Review: One More Dungeon
What is it that you really like about your favorite games? Is it the creative ways they differentiate themselves from their peers, or is it how they nail the fundamentals all games aspire to? I bet most of you will say the former, but the latter is more important than you might think. Great games are great because of what makes them unique, but they’d never have the chance to get there without solid controls and gameplay. One More Dungeon rather exemplifies this, because it locks down all the basics of its genre, that of the FPS roguelike, and doesn’t step an inch past them. It’s a perfectly generic fantasy roguelike, but one that’s so solid in its simplicity that you’re bound to get some fun out of it.
Hope you didn’t show up for a story, ’cause all you’re getting is a dungeon full of evil. No really, your beardy character has no name and is dungeon-diving to stop nasties from pouring out of it. You’ve got ten (I think it’s ten) levels to get through to reach the source of the corruption, and on each floor you’ll have to wrest the keys to the stairwell from a particularly nasty guardian. There’s plenty of other baddies occupying the place, from rats and snails in the intro levels to necromancers and elementals in the depths. Loot is thankfully plentiful, and with the right gear you should be able to bust your way through the hordes and complete your generic quest to perfectly perfunctory accolades.
Look, I want you to read this, and then close your eyes for a second and visualize it: Roguelike fantasy in the Wolf3D engine. What you are imagining is almost certainly One More Dungeon, caves and goblins and potions and swords and all. This is the ur fantasy roguelike, the Platonic ideal of a traditional dungeon romp, with absolutely no surprises in store. You’ve seen these enemies before, whacked them with these weapons before, quaffed these potions before, and so on. There’s exactly one part of the game that’s a little different, the corrupted world beyond the random portals on some levels, where a carpet of violet tentacles and eyestalks have overrun some kind of castle. But these are short side areas, and once you’re done there it’s back to the sewers, caves, ice caves, and fire caves of the main adventure.
I will say though, whoever your little dude is, he’s a pretty talented fighter. At any time you can have a magical staff in your left hand and a melee weapon in your right, and use them both with the corresponding mouse buttons. Staves use colored crystals as ammunition, similar to Ziggurat, and come in all sorts of grades and elements. Your melee weapons have a slow wind-up and not much oomph to them, but they’re reliable damage-dealers at ranges where you really want enemies to stop existing. You can also carry some kind of magical artifact that produces a powerful effect using your magic points, and potions that provide buffs or restore your limited health points. There are stores to buy gear in, shrines to improve your few attributes, and crates to break for a chance at more goodies. All of these are arranged in aggressively random halls and chambers, tangled enough that backtracking and navigating solely by mini-map will be necessary at times.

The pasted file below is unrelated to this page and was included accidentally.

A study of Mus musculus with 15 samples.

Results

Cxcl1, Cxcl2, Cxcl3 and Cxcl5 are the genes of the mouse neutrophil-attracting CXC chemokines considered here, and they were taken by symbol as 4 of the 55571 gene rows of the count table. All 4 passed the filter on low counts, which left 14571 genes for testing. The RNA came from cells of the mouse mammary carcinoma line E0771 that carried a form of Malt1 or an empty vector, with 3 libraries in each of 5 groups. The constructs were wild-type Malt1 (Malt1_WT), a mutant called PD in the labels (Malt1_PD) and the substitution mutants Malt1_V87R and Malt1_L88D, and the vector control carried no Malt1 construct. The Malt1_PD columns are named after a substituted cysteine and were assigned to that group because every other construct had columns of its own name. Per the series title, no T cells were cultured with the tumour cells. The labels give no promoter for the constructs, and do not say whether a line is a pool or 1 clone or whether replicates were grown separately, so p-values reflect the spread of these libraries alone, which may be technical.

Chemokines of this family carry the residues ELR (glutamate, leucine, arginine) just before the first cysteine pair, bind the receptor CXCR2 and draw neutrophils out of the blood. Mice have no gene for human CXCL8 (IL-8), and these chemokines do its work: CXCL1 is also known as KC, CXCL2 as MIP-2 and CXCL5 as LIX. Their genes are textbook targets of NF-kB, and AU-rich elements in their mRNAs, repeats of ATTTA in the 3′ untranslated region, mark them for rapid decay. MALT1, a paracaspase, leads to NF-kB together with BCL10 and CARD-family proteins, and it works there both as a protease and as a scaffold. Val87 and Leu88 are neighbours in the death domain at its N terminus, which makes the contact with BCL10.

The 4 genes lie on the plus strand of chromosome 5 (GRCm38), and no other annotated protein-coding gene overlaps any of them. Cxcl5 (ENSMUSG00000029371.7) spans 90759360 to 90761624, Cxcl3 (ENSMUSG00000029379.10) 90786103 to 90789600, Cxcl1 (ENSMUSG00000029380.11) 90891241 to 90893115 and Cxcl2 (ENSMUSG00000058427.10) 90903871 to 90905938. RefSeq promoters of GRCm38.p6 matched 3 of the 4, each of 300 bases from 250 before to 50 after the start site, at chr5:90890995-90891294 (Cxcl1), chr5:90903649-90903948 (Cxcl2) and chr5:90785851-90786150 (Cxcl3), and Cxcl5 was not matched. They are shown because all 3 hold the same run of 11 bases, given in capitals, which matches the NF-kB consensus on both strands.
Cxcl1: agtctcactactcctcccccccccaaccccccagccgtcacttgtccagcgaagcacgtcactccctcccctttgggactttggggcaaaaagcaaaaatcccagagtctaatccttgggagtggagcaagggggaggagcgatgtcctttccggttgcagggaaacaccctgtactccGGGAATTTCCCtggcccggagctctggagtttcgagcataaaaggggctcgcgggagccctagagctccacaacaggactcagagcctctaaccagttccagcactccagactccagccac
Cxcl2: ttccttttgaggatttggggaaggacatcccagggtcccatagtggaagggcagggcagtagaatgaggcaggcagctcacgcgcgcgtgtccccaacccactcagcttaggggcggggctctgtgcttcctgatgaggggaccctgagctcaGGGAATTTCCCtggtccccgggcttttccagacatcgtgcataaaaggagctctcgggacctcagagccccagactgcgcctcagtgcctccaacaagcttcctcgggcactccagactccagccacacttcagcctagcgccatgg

The saving grace here is that all these basic elements are plenty polished and look great in motion, providing the foundation for some decent hacking, slashing, and looting. Your movement speed is on the higher side, which makes maneuvering more fun. The simple dichotomy of magic blasts and sword swings helps freshen up the combat, because each staff works a little different and the crystal ammo means you can’t stay at range forever. Enemies mostly charge or shoot things at you, but with the twisted levels they can come from anywhere and you want to be on your guard at all times so as to not lose any precious life. Encountering a new monster can be daunting as you learn their patterns, and guardians are always a challenge thanks to their extensive health reserves.
One More Dungeon isn’t something everyone should run out and get, but it’s a perfectly good FPS roguelike. It has all the parts needed for success, presented in a charming, chunky, pixellated format. There’s even a bit of meta-progression in unlocking mutators for runs, global effects that’ll make the game harder or easier depending on your preference. It’s still generic fantasy no matter what, but at least you can bend the balance a bit towards what you’re looking for. I know I’m normally hard on games that don’t offer much past the baseline (you might be thinking of my Heavy Bullets review the other day), but there’s a good spread of mechanics and content here even if it doesn’t do anything new. Even a generic game can do generic really well, and One More Dungeon has a lock on fantasy roguelikes that’s worth checking out.